WordPress Design Complaints?

Chris Messina gets offended by the upcoming comp for the WordPress 2.4 Admin Panel. He turns it into a complaint about “open-source design” (distinct from open-source software development), claiming:

I’d go so far as to wager that “open source design” is an oxymoron. Design is far too personal, and too subjective, to be given over to the whims and outrageous fancies of anyone with eyeballs in their head.

Call me elitist in this one aspect, but with all due respect to code artistes, it’s quite clear whether a function computes or not; the same quantifiable measures simply do not exist for design and that critical lack of objective review means that design is a form of Art, and its execution should be treated as such.

This is pretty common in my experience: designers do “get their panties in a bunch” over things in a different way than software developers do, and a key problem is this notion of objectivity: that a software “design” can be validated objectively whereas a visual design is left up to the Gods, it’s a question of capital-A Art. Obviously he’s never been in the middle of software architecture flame wars! Same problem, different context, different criteria.

With regard to the WordPress 2.4 design in particular, I find WordPress.com to be EXTREMELY usable, if not pretty. You might call this the Google Design Philosophy — minimalist, plain, and functional. To validate the WP design using Chris’ criteria:

Be clear about the problem you’re solving. Nothing spells disaster for a design process more than fishtailing. If you don’t know what problems you’re trying to solve and you don’t have razor-sharp focus on it, chances are you’ll be open to whatever feedback you can get your hands on, grasping for some notion of what the hell you should be working on. This is not design, this is horseshoes and hand grenades.

To my way of thinking, the WordPress design has been done with a razor-sharp focus on the problem they’re trying to solve. WordPress is supposed to be used by bloggers, not necessarily designers. There is lots of room for disagreement here, I suppose.  Look at the iPhone –it’s fairly minimalist (just icons, really), but it’s also very pretty AND very usable at the same time.  Maybe that’s the sort of design sense that Chris is writing about.



  1. 1 Chris Messina January 4, 2008 at 3:42 pm

    I actually think WordPress historically has provided a good example of successful user interface design, but that was mostly because, to the best of my knowledge, Matt held a pretty tight reign over its production.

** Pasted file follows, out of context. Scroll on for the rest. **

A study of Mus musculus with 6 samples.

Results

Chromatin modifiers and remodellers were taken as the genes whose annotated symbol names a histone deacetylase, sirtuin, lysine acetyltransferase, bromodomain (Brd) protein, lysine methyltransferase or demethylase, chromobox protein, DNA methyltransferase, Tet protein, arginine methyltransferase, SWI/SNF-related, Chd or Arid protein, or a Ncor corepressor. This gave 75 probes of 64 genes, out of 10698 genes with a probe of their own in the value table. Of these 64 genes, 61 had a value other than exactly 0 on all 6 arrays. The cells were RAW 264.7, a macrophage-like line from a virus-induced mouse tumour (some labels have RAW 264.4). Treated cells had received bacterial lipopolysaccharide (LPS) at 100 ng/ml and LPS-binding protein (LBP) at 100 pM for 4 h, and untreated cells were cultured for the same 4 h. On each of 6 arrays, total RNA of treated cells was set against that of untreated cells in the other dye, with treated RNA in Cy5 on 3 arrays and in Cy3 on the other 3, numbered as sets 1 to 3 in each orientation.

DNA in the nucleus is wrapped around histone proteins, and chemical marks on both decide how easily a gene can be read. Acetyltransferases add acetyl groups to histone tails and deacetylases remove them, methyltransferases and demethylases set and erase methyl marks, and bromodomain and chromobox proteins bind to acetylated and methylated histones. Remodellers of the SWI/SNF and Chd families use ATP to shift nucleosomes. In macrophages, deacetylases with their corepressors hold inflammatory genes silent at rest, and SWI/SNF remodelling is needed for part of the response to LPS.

My complaints weren’t aimed at WordPress per se, but about the WordPress community. If I do have any complaints about WordPress’ approach to the Admin redesign, I think it’s that they let the cat slip out of the bag before they had articulated the feedback they needed and the mechanisms they wanted to use to collect it, which are both fixable issues.

    In sum, my rant wasn’t against WordPress or even about the current issue, but about the broader issue I see with the design of most open source projects. Software architecture and format wars go on similarly, but since not everyone is versed in the issues, not everyone can comment; when it comes to design, however, anyone with eyeballs (or an asshole!) can offer an opinion, no matter how much background they have in design… that’s the difference I see.

  2. 2 Anthony Stevens January 4, 2008 at 4:22 pm

    Hi Chris — thanks for the reply.

    Isn’t the difference also that anyone with eyeballs (or an asshole) is eminently *qualified* to offer an opinion on design success based on what works for them? Isn’t that why they track heat maps and similar things, to see what designs work for the “average joe”? I hope I’m not reading you that capital-A Artists should be the only ones allowed to comment on, or judge, website designs.

    OTOH, I agree with you that, based on your reasonable and well-thought-out criteria, WP did a poor job of shepherding this design through (so far) — save perhaps for the razor-like focus criterion I mentioned earlier.